We’re a few weeks away from the national conventions of both Democratic and Republican parties, and that means parties are drafting platforms. But amid the arguing over fine points of policy and disagreements over rules, Nancy Pelosi took the time to make a rather odd statement. According to her, the iPhone wasn’t invented by Apple, but by the federal government.
This came up, oddly, as an argument for more public-private partnerships. Pelosi’s argument? That the technology was pioneered by the government, and Apple just slapped it together into the iPhone:
In this smartphone, almost everything came from federal investment and research. GPS, created by the military, flatscreens, LLD [sic], digital camera, wireless data compression, research into metal alloys for strength and light weight, voice recognition, the list goes on and on… They say Steve Jobs did a good job designing it and putting it together. Federal research invented it.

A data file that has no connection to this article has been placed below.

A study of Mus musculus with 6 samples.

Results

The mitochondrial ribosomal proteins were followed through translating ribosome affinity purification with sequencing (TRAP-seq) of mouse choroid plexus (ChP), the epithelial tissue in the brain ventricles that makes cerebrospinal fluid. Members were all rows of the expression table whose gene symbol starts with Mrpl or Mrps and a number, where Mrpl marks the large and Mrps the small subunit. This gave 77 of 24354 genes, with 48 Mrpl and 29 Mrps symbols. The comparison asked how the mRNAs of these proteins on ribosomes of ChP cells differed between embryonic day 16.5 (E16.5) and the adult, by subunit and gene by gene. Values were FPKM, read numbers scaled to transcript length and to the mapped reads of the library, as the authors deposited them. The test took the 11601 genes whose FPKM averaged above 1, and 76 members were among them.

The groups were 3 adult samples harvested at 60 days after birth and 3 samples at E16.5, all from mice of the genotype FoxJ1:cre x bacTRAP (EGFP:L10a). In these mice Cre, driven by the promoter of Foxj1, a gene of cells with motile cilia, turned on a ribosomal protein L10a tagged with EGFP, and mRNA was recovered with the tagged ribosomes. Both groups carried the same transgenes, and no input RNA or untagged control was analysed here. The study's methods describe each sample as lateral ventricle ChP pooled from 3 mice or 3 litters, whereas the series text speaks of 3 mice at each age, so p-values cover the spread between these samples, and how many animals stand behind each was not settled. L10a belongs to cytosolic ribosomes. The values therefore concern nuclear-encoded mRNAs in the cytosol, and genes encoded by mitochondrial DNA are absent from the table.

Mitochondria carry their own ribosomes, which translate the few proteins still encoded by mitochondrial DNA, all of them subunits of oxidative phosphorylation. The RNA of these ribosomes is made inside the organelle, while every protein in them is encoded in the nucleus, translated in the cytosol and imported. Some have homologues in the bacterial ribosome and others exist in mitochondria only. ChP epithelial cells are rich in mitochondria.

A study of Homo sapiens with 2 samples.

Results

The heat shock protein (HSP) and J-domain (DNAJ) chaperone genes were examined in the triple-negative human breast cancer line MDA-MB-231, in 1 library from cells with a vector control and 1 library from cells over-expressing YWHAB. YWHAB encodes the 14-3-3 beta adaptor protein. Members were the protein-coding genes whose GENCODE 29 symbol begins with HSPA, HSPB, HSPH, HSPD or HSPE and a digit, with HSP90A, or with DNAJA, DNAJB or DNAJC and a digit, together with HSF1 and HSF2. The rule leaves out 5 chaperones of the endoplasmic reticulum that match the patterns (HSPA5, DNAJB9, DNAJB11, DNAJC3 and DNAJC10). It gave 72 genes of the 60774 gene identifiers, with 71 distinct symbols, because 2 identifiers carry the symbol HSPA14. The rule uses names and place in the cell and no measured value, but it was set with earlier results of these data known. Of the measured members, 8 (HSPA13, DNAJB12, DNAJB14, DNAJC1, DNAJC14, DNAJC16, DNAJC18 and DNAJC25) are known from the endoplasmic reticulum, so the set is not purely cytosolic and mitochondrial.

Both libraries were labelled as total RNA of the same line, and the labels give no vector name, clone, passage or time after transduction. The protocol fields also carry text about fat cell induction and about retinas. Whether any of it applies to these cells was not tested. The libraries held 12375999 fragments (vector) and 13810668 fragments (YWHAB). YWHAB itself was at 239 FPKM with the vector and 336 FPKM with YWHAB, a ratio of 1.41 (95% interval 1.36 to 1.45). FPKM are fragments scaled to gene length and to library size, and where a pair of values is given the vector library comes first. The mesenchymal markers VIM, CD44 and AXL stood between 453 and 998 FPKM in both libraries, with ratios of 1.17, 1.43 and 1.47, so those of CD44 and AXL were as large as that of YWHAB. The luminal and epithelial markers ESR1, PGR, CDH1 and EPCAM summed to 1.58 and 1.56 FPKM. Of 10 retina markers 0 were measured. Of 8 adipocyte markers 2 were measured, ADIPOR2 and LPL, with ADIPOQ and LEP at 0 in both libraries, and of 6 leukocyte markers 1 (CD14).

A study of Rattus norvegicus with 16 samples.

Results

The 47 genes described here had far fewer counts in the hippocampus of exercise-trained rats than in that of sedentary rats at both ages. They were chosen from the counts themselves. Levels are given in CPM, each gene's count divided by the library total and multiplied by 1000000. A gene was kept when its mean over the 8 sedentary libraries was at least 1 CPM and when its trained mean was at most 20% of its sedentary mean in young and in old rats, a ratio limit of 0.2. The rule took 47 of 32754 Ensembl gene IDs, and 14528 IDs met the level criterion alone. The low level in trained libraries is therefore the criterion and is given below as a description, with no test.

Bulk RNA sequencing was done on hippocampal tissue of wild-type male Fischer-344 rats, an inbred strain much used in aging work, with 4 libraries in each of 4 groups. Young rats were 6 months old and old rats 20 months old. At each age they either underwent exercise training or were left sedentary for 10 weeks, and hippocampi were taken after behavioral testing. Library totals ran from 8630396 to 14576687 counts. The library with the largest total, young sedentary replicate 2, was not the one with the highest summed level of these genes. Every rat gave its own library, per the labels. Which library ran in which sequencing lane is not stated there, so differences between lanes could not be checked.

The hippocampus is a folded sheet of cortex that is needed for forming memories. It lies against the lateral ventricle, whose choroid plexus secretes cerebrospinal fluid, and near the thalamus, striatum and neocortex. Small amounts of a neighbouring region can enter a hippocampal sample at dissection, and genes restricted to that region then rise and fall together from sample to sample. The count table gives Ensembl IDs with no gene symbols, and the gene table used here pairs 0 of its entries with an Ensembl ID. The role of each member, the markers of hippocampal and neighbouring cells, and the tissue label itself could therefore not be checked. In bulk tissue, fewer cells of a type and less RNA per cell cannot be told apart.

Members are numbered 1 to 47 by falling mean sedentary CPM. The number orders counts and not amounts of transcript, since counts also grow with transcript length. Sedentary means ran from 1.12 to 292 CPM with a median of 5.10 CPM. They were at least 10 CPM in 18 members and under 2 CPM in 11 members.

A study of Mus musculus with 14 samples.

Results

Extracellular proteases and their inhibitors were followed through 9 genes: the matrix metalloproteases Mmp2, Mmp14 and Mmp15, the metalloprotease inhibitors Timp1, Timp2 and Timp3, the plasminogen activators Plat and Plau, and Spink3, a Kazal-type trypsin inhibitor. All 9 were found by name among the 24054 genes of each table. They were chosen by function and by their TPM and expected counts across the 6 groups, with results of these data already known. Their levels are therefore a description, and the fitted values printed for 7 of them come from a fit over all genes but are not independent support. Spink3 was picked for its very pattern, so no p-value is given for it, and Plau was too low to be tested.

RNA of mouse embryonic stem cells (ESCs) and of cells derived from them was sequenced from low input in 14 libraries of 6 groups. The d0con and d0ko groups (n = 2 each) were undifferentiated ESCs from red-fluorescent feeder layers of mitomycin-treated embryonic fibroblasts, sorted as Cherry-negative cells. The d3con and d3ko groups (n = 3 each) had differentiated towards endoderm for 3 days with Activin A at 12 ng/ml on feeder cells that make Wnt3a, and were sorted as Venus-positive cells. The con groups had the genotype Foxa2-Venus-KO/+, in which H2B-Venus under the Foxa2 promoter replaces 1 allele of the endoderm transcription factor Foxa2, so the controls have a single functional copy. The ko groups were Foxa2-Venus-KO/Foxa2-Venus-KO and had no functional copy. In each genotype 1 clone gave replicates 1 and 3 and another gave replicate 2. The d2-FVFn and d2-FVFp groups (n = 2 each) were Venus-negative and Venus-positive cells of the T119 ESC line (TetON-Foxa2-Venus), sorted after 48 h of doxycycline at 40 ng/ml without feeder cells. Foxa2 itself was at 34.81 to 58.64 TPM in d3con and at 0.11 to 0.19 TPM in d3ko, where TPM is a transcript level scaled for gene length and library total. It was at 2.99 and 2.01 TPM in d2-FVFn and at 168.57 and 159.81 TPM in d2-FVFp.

To be fair, this isn’t quite like the infamous moment when Ted Stevens said the internet was a series of tubes, or Al Gore taking credit for laying the legal groundwork for the internet. Pelosi may be making the same mistake as Gore in taking too much credit, but she does have a point to some degree. GPS does indeed have its roots in a system built by the military. Flatscreens were pioneered by the military in the form of the Aiken tube. Major advances in LCD screens, which Senator Pelosi mistakenly refers to as LLDs, were paid for in part by DARPA and, er, former Apple CEO John Sculley. And the government did contribute to, although it was hardly the first to study, voice recognition.
That said, just like you can have eggs, flour, salt, baking powder, buttermilk and yeast and wind up with a mess instead of pancakes, creating all these technologies doesn’t mean you get a right to take credit for the results. So Pelosi is probably due for a little razzing, even if she does have a point.